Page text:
Now we enter the most difficult part of the course. It will be a lot of work, but don't worry - it will all be worth it! Soon you will be able to fret these chords as easily as you learned how to fret the powerchords in lesson 15. All you need is a little patience, and practice.
What are bar chords?
Like powerchords, bar chords are movebable chords whose fretting pattern can be assumed anywhere on the fretboard - it is the position in which you apply the pattern in the fretboard that determines the key of the chord (and therefore the chord's name).
Now you are going to learn four different patterns of bar chords - 2 major and 2 minor - but you will learn more in the upcoming lessons. Probably you can figure out more yourself if you understand hte principle behind them.
Video explanation of the E and A bar chord shape
I highly recommend you to read the text and diagrams below, however I made a video explanation of the principle to help you to learn it! The A shape is explained in text and in the next sublesson. Click here to move there directly.
Understanding the principle of bar chords
Allright, in order to get a grip on this so-far-to-us-obscure-and-unknown-bar chord business, we'll start off with an open E Major chord.
Look at the shape of this chord. Beautiful, isn't it? It is easy to grip, and it lies at a comfortable position of the fretboard - we love this chord.
But now we are now going to transform this exact chord into a fretting pattern (and you might hate it for a while, but I promise that you will come to love it once again:)).
Let's imagine that I replace the nut with my index finger, as follows:
I still want to fret the same chord (E Major) therefore I replace my:
index finger for middle finger
ring finger for little finger and
middle finger for ring finger
Having your index finger on the nut does not make any difference - nevertheless it now represents the nut, and therefore the open strings as the zeroes in this simple chord diagram:
Okay, now comes the big step - I will move my entire fretting pattern one fret closer (i e one semitone closer) to the bridge/sound hole as such:
Now my indexfinger is pressing down forcefully on all strings, making sure that those not fretted by the other 3 fingers can have a clean sound. The simple chord diagram is the following:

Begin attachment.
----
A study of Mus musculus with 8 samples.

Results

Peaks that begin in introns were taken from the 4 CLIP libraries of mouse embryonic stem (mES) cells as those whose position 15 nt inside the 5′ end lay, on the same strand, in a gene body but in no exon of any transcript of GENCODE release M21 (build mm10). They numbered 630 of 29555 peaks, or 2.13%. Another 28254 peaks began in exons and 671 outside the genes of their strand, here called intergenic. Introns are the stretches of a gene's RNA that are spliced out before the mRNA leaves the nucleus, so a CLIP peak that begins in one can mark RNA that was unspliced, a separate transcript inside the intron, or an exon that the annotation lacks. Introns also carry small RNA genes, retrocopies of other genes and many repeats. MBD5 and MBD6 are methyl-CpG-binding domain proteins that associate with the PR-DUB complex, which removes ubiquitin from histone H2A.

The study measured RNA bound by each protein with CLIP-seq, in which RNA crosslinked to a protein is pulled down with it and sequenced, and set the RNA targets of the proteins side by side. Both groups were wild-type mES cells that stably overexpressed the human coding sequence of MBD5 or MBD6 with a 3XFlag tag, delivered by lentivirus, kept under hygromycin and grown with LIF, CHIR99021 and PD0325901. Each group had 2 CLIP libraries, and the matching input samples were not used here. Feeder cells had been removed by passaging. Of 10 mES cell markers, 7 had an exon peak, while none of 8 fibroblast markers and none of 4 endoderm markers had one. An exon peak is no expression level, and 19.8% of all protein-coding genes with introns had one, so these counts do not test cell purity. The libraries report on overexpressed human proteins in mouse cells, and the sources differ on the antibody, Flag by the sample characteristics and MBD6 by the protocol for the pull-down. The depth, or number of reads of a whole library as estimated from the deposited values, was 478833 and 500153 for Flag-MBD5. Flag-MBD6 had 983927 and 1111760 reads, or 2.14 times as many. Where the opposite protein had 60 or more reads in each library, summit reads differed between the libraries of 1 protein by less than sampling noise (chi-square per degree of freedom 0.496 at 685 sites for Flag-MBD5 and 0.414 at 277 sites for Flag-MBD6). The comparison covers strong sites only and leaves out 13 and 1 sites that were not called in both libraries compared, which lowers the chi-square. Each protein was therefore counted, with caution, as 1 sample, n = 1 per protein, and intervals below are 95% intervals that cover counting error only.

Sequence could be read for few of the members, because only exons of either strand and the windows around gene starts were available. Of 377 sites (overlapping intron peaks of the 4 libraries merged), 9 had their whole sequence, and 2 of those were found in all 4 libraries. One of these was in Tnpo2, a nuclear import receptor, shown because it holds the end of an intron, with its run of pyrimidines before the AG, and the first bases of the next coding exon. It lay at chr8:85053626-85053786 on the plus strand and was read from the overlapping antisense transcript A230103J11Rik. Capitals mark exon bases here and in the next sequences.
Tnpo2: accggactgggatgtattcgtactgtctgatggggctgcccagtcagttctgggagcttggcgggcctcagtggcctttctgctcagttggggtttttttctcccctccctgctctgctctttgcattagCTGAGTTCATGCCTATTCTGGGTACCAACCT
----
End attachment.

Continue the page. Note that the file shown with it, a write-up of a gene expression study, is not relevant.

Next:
Can you guess which chord it is that I am fretting now? The root note, as with the powerchords - is on the tip of the index finger, on the thick E string. This bar chord pattern is called the "E bar chord pattern/shape", and all of the intervals of the major scale are in a constant positon wherever you move this pattern on the fretboard - however the key and therefore the name of the chord will change, depending on which fret your index is.
Since the root is on the index finger, and we are on the 1st fret of the E string - thename of this chord is:
F major (or just F)
It is really difficult to fret this chord for the first time, and you probably will not be able to get a clean sound even the first few times. But don't worry, this chord (and many others) will be as easy for you to fret as eating an apple, with some practice:).
Going further I now move the whole shape two more frets towards the bridge (one whole tone step). The chord I am fretting now is:
G Major =)
Try to play it in both this form and in the regular form that you have learned previously - you will hear that they practically sound the same.
|Open chord||Bar chord|
Now here's where the importance of knowing the names of the notes on at least the thick strings come in - knowing where those notes are will instantly allow you to name a bar chord, or fret any (so far) major bar chord of any note.
Now you have (hopefully) understood the principle of the E-shape bar chord. It is crucial that you make the connection between the open chords and the bar chords - it will make your playing so much easier in the future.
If you did not quite understand, try reading all the steps one more time, or watching video above!
To the right you will see how you usually find this chord shape depicted in chord books:
The frets are not numbered because it will be a major chord on any fret you choose to play it on (if your guitar is in standard tuning of course)
The red line implies that you should have your index finger across all of the strings which it covers, pressing down on them.
The important thing is that you have the exact fretting pattern as shown in the diagram.
The root note, demonstrated with the R in the diagram, is on the thicker E string ( as well as on the D and small e-string, although I have not marked it out) in this particular shape.
Important reminder - this is the E-shape of the bar chords, Since we derived (got it) it from E. It is important that you understand this, since it is part of the CAGED system of chords and scale theory which you will become familiar with later.
The E shape with major chords that you already know
Try to play these chords which you already learned as open chords in the E-shape:
G A B C D 3-----5-----7-----8-----10------- 3-----5-----7-----8-----10------- 4-----6-----8-----9-----11------- 5-----7-----9-----10----12------- 5-----7-----9-----10----12------- 3-----5-----7-----8-----10-------
After you have struggled with that for a bit, it is high time we learn about the A bar chord shape, click here to continue.
If you already kind of know about these two shapes, you can also skip to the summary, click here.